Welcome to the inner sanctum at Norrøna, where Sigrid’s jacket was created. Head of RD&D Alexandre Aubry takes some time to show me around in the production area. I’m impressed that everything is made in-house. There are fabrics, buttons, zippers and people working on machines everywhere. The atmosphere is inspiring.
It all started with a Pinterest-like mood board
The whole process of creating Sigrid’s very own GORE-TEX jacket actually started with a Pinterest mood board, where Sigrid collected different styles and inspirations, including vintage jackets, buttons, trims, and zippers. Alexandre explains: “For Norrøna it all starts where the design meets the material, the last part is the colours. We were asking Sigrid for input on what colours she likes. Since the whole process was a bit rushed compared to our usual production, we decided to stick to materials and colors that have already been approved and tested by Norrona and GORE-TEX.”
“It’s different fabrics, it’s a lot of glue and a lot of workflows, a very long process, which usually takes 3.5 years.” - Norrøna’s Head of RD&D Alexandre Aubry
Once they have a sketch and have selected the color and material, the designers hand over a briefing to the development team, which consists of a product specialist and the product technicians who put all the pieces together. “The product technicians then print out the design and might cut it using scissors or use a big machine that runs and cuts all the pieces,” explains Alexandre.
How GORE-TEX gear is tested
From the concept, the design team creates the first prototype using GORE-TEX Pro laminates that come with a recycled face fabric and a solution-dyed backer. The final prototype is then handed over to Gore for the testing phase.
Andreas Marmsoler, responsible for Global PR at Gore, explains the process: “Gore performs several dozen stress tests in the lab on the face fabrics and backers, membrane and components, including measuring the water-entry-pressure, also known as the water column (Suter test), material abrasion tests (Martindale test), crumple & flex test, up to 250 hours of washing cycles to validate the durability (Kenmore test), as well as the color fastness and breathability tests (measured in RET and MVTR).” In addition to lab tests, Gore works with professional users that also perform field tests, sometimes for hundreds of days out in the mountains. Only if a GORE-TEX laminate is fit for the intended end-use does Gore ship it to customers for prototype development.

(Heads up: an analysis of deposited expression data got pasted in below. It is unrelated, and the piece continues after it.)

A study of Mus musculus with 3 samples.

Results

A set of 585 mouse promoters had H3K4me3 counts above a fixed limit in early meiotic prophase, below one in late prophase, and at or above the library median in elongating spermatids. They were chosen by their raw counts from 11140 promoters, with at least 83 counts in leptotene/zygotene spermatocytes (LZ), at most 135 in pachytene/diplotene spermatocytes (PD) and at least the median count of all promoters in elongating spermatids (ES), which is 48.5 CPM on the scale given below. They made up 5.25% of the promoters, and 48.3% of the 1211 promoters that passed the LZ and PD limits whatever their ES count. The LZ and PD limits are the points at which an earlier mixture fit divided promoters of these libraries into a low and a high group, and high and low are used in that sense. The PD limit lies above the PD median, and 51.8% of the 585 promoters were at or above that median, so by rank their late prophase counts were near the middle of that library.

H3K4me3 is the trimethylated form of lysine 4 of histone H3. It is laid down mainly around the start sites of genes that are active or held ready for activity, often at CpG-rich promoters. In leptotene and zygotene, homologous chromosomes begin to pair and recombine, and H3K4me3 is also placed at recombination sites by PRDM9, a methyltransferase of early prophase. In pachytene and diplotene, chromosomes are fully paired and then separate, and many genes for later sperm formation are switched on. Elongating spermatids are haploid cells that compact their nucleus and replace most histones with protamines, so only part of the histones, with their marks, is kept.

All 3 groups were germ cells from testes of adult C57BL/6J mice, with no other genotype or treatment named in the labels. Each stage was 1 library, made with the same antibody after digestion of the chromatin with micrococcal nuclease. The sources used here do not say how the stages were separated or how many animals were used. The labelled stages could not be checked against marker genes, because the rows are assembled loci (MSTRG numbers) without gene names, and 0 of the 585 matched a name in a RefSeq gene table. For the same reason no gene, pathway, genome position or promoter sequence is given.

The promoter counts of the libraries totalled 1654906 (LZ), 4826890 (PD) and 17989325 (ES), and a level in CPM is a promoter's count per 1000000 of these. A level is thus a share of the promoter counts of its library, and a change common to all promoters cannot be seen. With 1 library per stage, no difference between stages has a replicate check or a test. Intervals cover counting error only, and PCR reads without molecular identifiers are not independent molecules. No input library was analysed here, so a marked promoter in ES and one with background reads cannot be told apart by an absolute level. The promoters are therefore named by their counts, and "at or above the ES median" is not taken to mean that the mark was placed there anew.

Once the Sigrid prototype was ready, it came into the Gore Lab for the style approval process. This is a standardized procedure where specialized Gore textile engineers check the construction of the prototype and ultimately conduct the durability test in the so-called rain room. All these measures are performed to finally meet the GUARANTEED TO KEEP YOU DRY™ promise.
From the concept to the first fitting of Sigrid’s GORE-TEX jacket
The next major milestone was the fitting process, where the design team checked how the prototype fit Sigrid. “We’ve tested, reviewed and approved the first prototype in advance and are excited that Sigrid can finally try on the final prototype,” explains Alexandre.
Sigrid was finally able to test the prototype jacket in the Gore rain room and storm cube. The jacket Sigrid designed is intended for all kinds of outdoor activities, whether in the city or in the mountains. A limited edition of this jacket will be available at retail stores in Spring/Summer 2020!
Sigrid on designing her own GORE-TEX jacket with Norrøna
Why does Sigrid's jacket have so much to do with her roots and where she's from? Why did it have to be an anorak? What role did her parents play, and what does the color red mean to her? We'll be letting you know all that and more in our interview with Sigrid and Charlie.